Aaron Woolf’s Letter in Support of Emily Martz for NY-21:
Many months ago when it became clear that there would be multiple candidates seeking the Democratic nomination for Congress in our district, I heard party leaders openly fret that a hotly contested primary would divide the electorate and prevent the emergence of a candidate who could mount a strong challenge to Elise Stefanik this November.
Instead, as we approach our primary this coming Tuesday, North Country Democrats have a field of five experienced candidates, some of whom have already been able to invest more than twice the time I had to run an entire campaign in 2014. Collectively they have built more enthusiasm, raised more money and gotten more attention than any Democratic challengers here ever before. They’ve retraced every corner of these 15,000-plus square miles, listened to citizens in unconventional settings, and been present to respond to rapidly growing concerns about the direction of our country. It’s been a new kind of political boot camp built by new kinds of candidates.
Fittingly, none are Washington-picked insiders running on poll-tested platforms. And in numerous forums and community gatherings, they have generated reams of positive press and reached voters for whom party politics has long felt like a series of manipulations and disappointments. They are innovative, thoughtful and, yes, quirky candidates, who share one attribute above all – authenticity – perhaps the most lacking leadership quality in our incumbent representative.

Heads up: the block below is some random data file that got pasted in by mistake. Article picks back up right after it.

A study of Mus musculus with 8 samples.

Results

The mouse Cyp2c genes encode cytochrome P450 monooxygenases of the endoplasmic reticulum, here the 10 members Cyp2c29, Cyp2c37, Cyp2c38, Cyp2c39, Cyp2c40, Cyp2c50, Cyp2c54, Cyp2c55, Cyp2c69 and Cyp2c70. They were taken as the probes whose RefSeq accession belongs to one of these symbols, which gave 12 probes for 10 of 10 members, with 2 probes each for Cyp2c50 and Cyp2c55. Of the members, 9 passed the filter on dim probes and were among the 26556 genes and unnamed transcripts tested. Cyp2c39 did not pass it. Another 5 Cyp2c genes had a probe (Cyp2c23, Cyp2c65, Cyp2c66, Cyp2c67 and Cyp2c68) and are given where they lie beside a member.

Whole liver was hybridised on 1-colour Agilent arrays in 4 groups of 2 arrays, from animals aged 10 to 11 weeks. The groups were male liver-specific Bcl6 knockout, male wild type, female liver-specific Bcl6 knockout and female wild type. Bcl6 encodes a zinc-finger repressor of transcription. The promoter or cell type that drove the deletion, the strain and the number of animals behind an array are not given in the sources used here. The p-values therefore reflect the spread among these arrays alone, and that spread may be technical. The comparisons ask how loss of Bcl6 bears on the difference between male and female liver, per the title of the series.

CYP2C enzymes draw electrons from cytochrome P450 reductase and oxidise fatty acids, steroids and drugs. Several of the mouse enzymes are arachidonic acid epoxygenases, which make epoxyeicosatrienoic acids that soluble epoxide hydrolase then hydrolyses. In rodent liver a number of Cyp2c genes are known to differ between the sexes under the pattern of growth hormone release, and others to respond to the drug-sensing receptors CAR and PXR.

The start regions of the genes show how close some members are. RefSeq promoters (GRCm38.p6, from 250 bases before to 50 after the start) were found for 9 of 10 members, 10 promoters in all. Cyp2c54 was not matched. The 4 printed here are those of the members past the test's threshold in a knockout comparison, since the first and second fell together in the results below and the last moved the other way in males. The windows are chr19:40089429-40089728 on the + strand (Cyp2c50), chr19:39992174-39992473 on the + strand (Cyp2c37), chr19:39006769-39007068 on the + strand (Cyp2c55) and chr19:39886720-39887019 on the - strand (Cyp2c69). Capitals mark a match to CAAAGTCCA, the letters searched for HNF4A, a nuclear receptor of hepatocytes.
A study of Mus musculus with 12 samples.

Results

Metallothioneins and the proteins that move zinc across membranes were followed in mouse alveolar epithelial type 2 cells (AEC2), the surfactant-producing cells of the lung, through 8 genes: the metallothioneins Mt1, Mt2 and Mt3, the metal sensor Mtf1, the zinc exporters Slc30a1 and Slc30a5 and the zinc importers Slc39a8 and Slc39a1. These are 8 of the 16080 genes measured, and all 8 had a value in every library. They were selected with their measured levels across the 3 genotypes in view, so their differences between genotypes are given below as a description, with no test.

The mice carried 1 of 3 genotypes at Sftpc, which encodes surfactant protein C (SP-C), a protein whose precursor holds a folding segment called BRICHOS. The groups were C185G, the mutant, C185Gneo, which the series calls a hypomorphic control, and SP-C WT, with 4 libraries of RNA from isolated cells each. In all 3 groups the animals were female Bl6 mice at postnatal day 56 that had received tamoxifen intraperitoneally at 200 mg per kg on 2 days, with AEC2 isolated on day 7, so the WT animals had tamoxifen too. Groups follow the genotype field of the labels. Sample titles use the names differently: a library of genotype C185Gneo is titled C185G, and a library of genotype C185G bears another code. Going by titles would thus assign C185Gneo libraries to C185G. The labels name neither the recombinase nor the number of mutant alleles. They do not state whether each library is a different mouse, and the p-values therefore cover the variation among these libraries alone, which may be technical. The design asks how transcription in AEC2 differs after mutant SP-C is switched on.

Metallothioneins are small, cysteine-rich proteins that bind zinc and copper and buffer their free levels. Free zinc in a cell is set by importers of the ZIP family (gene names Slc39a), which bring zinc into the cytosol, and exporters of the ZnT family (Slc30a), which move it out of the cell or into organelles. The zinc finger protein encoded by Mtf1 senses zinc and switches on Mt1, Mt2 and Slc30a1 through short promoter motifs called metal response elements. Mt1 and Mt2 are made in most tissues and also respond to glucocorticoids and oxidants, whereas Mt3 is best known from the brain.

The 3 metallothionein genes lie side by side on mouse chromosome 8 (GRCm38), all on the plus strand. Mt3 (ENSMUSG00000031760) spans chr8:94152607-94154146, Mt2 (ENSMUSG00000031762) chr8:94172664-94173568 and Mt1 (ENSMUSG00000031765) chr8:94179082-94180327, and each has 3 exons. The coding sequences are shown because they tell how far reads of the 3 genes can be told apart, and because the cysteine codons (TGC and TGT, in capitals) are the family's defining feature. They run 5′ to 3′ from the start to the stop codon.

Aspects of each of them would make a formidable composite candidate but primary day means narrowing the field to one. My choice is Emily Martz.
Emily is compassionate and smart, genuine to the core and a tireless organizer of people and ideas – most importantly she has built a unique expertise around economic development, the kind of firsthand knowledge our communities need most.
Her rural upbringing in a modest, religious household taught her tolerance and humility, and her success in rigorous academic and corporate worlds gave her the grit to achieve in the face of enormous egos and challenges. She holds a doctorate in economic history and she plays the fiddle. Our first in-depth policy conversation was through the steam of an evaporator boiling maple sap two springs ago.
When I helped Emily and others set up the NY-21 Grassroots Action Summit at Paul Smiths College back in April, 2017, I noted an interesting quality in her: She listens to those she disagrees with and she challenges those she thinks are on her side. This impressed me.
I believe that the best way to stand up to the perilous politics of our day is not to turn up the rhetorical volume, but to listen and to build broad coalitions beyond the usual collaborators as I have seen Emily so effectively do. This is the only way to create a model for governance that resists corruption, thinks long term, and invests in the kinds of infrastructures in which economic creativity can truly thrive.
This morning I will go watch a friend’s graduation at Keene Central School and I will remember once again the work Emily has done to help build new and enduring economies in the North Country, with jobs that might someday hire these dispersing graduates.
On Tuesday morning I will head to the voting booth in Elizabethtown and vote for Emily Martz in the Democratic primary for Congress. And on Tuesday night, I hope Emily is the one who will emerge victorious.
But if she isn’t, she will perhaps be sharing the same election night stage with the candidate who is. At least two other candidates with her will be together for the results in the same venue – an unprecedented show of solidarity which Emily spearheaded. True to her character, she’s not just in it for herself.
We’ve never had a primary like this in the NY-21, but the energy and solidarity developed here as a result bodes well for the future of Democratic politics in North Country.
Aaron Woolf is a documentary filmmaker and journalist, the owner of the Deer’s Head Inn in Elizabethtown NY, and was the 2014 Democratic Nominee for Congress in the NY-21.